The Nature of True Freedom III: Creating A Shared Image of the Future

The Nature of True Freedom III: Creating A Shared Image of the Future

Without a compelling image of the future, we are unwilling to make long-term commitments with other people or even ourselves. Robert Jay Lifton (1995) speaks of the “protean man” who has no clear sense of self or of the Future. Much as the Greek god Proteus could change his shape from wild boar to dragon to fire or flood, Lifton’s protean man is constantly shifting his form and style without achieving any sense of coherence or purpose. We find ourselves, like Lifton’s protean man, always being expedient. We are always changing our form, our roles, and our beliefs to adjust properly to a new social “reality.”

In particular, we are unwilling to make a covenant with the next generation, ensuring them a viable society or a viable environment. Jay Ogilvy (1979, p. 153) suggests that “for the Protean Man a promise is more an oath of the moment, than a troth for all times.” Margaret Mead once said that we should always have a child present at any meeting where we are planning for the future to remind us who and what we are planning for. “With rising insistence and anguish,” writes Mead, “there is now a new note: Can I commit my life to anything? Is there anything in human cultures worth saving, worth committing myself to?” (quoted in Gross, 1980, p. 109). What about the adults in Mad Max? They have created a post-nuclear society in which there is little or no hope—and not much envisioning or planning-for a collective future. Why be concerned with the welfare of a child if there is no expectation that there will be a future in which the child will live?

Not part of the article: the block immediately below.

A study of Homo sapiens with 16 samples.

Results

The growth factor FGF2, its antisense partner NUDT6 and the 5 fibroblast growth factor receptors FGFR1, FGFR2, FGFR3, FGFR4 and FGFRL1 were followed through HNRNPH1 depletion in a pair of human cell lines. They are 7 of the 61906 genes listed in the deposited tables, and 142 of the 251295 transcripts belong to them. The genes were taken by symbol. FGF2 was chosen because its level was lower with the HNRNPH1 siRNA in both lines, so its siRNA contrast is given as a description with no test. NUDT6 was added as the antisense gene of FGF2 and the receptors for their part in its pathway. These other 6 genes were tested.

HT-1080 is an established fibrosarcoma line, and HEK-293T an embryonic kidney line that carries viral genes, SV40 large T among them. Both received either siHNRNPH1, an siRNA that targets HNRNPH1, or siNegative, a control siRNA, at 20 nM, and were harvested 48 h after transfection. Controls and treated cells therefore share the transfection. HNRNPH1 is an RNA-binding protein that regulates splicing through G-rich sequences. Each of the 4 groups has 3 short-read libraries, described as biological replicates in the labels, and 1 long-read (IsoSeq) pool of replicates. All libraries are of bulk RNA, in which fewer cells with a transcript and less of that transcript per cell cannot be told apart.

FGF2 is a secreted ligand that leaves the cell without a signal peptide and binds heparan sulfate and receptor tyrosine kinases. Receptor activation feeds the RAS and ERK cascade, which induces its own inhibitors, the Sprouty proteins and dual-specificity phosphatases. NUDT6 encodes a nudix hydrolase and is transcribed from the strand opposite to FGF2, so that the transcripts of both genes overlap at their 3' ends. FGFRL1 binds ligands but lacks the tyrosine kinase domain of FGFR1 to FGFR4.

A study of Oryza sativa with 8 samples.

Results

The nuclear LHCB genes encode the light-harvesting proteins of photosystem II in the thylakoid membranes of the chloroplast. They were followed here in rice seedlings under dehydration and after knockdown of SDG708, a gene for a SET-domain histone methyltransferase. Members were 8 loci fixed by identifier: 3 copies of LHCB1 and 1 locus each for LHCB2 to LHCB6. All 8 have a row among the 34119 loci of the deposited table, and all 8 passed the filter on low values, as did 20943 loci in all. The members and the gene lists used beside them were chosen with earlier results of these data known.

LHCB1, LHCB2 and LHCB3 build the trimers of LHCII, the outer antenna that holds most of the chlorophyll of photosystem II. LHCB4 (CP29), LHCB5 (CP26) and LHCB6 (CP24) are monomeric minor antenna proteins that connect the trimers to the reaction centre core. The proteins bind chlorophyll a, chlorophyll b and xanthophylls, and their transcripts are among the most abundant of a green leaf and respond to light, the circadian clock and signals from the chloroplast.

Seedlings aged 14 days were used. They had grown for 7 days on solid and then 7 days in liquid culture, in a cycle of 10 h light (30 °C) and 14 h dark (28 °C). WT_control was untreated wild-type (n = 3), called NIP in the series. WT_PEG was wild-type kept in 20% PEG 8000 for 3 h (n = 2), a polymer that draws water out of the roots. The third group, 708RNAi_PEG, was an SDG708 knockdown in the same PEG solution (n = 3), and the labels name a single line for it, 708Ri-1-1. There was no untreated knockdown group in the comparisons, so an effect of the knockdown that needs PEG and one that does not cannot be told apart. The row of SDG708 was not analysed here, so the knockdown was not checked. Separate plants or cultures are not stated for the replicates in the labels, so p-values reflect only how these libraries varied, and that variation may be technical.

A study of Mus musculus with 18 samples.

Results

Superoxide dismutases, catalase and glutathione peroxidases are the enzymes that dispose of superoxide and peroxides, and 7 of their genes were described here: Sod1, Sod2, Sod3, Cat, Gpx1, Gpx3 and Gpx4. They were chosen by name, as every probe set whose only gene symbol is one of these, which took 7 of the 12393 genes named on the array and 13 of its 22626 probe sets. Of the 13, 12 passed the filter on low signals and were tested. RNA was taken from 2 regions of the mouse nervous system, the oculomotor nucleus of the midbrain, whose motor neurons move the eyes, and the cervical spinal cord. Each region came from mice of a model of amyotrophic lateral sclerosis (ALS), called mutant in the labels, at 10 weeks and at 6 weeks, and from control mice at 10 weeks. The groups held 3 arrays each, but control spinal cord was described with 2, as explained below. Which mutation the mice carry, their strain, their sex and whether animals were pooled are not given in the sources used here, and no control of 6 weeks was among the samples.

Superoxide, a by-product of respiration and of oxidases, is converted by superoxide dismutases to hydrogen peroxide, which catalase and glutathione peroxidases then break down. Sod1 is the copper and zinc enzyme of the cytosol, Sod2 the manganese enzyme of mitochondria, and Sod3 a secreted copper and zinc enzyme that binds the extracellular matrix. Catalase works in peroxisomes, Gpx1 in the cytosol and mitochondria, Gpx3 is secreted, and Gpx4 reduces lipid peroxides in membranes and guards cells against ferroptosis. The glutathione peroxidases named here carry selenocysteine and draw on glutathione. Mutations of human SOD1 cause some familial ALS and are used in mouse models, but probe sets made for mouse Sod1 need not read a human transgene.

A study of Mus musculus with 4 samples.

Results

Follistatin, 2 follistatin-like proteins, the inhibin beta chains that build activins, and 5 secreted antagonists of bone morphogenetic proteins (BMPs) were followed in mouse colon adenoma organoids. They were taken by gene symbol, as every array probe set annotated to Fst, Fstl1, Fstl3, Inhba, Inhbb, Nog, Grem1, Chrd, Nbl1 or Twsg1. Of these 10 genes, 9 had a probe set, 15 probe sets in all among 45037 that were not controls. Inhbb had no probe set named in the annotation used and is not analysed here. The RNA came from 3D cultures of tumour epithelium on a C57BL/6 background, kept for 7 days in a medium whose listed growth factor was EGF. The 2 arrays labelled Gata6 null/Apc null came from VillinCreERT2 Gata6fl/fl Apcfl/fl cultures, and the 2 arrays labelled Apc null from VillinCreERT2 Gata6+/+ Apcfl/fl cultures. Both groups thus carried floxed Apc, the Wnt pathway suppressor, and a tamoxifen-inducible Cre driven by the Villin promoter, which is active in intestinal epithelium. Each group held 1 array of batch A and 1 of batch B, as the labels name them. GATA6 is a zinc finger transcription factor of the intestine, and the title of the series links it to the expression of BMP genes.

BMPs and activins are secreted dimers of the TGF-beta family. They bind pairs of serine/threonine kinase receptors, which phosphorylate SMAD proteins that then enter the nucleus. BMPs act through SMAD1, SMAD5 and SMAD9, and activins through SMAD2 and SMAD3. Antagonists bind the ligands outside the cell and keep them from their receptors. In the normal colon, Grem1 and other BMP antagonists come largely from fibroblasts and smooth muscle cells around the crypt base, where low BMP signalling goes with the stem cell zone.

In essence, it becomes increasingly difficult for the protean man to move toward commitment to anyone or anything given the fragmentation of our personal and collective image of the present, let alone the Future. Without a clear and compelling image of the Future, it is easy and very tempting to fall back on expedience or to remain in a noncommitment. Kundera (1984) describes this condition in the title of his famous book about freedom and the loss of freedom in Eastern Europe during the 1960s: The Unbearable Lightness of Being. Alternatively, we regress to a simplistic frame and borrow an old and often destructive image of the Future from some authoritarian source. We become Adorno’s “authoritarian” or Hoffer’s “true believer”. Tragically, we now regress with vengeance and stubbornness, having felt betrayed by those who have offered us a false truth and have portrayed a Future that can never be realized. Having found no alternative image to motivate or sustain us, we are inclined to become the protean men and women described by Lifton.



William BergquistWilliam Bergquist, Ph.D. An international coach and consultant in the fields of psychology, management and public administration, author of more than 50 books, and president of a psychology institute. Dr. Bergquist consults on and writes about personal, group, organizational and societal transitions and transformations. His published work ranges from the personal transitions of men and women in their 50s and the struggles of men and women in recovering from strokes to the experiences of freedom among the men and women of Eastern Europe following the collapse of the Soviet Union. In recent years, Bergquist has focused on the processes of organizational coaching. He is coauthor with Agnes Mura of coachbook, co-founder of the International Journal of Coaching in Organizations and co-founder of the International Consortium for Coaching in Organizations.